The evidence indicates refineries and pipelines took the brunt of the storm. Hurricane Harvey knocked out 25% of US oil refining capacity. According to a recent Forbes report, refining in Corpus Christi is in the best shape post-Harvey, while conditions deteriorate progressively along the Gulf Coast, with Beaumont/Port Arthur refineries in the worst shape and likely to have the longest recovery. In its coverage of the Dallas Fed survey, the Chronicle reported that nearly 80% of executives expected the tropical storm to still to have a slight or moderate impact on the refining industry in six months time.
However, less knowable are the commercial and contractual domino effects of Hurricane Harvey and there is likely to be a rise in disputes that will trigger force majeure or similar concerns, as occurred in the aftermath of Hurricanes Katrina, Rita and Ike.
Force majeure and related common law or code-based doctrines may be defences to non-performance of a contract where the cause is a natural disaster. In most jurisdictions, a contractual force majeure clause (if there is one), as opposed to any common-law definition, will primarily control the breadth of the defence. Most force majeure clauses cover acts of god like hurricanes and floods. But every contract is different, and its precise language should be the first consideration if a company finds itself potentially unable to perform in the wake of Hurricane Harvey. Any language about foreseeability, mitigation either before and after-the-fact, and notice, are issues companies should pay attention to.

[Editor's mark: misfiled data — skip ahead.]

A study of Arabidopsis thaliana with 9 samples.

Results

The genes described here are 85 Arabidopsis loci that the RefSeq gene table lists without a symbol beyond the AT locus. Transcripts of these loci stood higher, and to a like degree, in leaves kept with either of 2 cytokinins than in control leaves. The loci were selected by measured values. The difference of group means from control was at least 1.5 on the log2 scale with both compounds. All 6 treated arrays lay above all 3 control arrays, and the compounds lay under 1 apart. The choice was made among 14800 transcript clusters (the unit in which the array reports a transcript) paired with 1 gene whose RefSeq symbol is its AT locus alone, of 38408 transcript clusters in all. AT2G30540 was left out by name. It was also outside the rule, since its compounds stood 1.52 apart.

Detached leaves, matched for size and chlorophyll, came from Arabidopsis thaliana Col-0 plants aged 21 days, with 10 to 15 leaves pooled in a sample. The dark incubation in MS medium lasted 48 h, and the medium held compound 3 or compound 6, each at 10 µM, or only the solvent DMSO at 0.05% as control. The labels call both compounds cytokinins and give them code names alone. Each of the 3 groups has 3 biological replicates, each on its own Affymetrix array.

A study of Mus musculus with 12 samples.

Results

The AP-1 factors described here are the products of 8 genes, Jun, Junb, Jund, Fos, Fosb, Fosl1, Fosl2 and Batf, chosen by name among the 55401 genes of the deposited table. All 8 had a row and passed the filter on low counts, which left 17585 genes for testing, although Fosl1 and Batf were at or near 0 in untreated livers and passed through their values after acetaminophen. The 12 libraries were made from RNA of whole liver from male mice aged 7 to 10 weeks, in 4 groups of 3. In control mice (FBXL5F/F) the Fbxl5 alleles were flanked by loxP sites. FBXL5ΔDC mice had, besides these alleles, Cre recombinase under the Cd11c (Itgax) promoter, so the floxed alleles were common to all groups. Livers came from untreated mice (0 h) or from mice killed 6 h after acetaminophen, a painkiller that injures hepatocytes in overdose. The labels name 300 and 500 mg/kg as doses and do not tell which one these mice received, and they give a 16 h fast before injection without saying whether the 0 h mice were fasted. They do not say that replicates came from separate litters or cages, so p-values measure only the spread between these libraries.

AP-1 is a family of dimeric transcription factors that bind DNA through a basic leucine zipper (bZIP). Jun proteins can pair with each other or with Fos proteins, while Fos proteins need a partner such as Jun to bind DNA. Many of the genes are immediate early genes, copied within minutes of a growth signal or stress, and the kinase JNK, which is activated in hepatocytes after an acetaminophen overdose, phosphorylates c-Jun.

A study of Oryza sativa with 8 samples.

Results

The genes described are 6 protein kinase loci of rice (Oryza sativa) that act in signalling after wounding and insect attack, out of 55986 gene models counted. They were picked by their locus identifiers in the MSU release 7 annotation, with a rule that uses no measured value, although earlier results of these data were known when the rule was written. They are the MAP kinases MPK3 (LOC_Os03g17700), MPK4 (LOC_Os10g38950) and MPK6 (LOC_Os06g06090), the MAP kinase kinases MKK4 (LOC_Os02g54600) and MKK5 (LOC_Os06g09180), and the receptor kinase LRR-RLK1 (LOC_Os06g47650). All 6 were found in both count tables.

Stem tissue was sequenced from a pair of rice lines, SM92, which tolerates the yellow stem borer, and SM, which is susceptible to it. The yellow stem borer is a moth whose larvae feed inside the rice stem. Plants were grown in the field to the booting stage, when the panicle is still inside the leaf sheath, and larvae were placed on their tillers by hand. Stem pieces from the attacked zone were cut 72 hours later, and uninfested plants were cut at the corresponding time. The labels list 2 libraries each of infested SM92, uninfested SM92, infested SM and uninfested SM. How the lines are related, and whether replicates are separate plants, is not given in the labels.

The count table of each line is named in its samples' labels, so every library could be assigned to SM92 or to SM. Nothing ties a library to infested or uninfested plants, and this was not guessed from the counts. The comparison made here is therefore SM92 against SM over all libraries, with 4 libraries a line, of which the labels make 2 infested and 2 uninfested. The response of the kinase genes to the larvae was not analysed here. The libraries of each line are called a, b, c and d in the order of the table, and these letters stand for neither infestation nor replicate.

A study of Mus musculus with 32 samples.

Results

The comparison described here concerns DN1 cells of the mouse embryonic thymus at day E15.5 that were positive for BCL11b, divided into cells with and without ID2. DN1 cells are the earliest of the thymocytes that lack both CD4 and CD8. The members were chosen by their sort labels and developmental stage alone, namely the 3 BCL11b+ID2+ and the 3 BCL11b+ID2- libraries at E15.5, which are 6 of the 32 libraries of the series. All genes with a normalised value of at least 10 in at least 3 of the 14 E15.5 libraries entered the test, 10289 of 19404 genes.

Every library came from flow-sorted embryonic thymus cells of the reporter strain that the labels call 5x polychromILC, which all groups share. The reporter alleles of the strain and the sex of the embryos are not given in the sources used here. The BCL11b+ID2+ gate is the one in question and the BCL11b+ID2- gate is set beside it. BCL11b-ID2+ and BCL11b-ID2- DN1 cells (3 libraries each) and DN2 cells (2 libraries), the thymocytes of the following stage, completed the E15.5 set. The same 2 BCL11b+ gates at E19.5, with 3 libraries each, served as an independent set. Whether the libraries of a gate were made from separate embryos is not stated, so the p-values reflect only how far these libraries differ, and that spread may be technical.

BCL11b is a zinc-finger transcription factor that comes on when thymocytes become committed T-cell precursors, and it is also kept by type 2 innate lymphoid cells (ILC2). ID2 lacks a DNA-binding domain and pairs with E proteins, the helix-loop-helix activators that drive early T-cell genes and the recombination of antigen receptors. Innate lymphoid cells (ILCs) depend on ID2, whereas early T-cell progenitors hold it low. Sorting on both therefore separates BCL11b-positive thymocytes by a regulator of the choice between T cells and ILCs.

Similar defences are recognised under common law or civil codes across the world. However, because of jurisdictional differences, including a force majeure clause in any significant commercial contract may be a more direct way to maximise predictability in a business relationship when disaster occurs.
Non-contractual force majeure-type defences usually require something approaching true impossibility of performance, not financial inconvenience. However, many jurisdictions interpret standard contractual force majeure clauses approximately the same way. Practically speaking, resolution usually turns on whether the non-performing party could reasonably have avoided the situation through mitigating acts. Best practices include cooperation and timely and honest communications. A non-performing party should also be careful about industry perception performing ones most lucrative contracts, while not performing others on the basis of a force majeure event, may result in negative visibility. Although none of these issues alone may be dispositive, they may have a practical effect on outcome.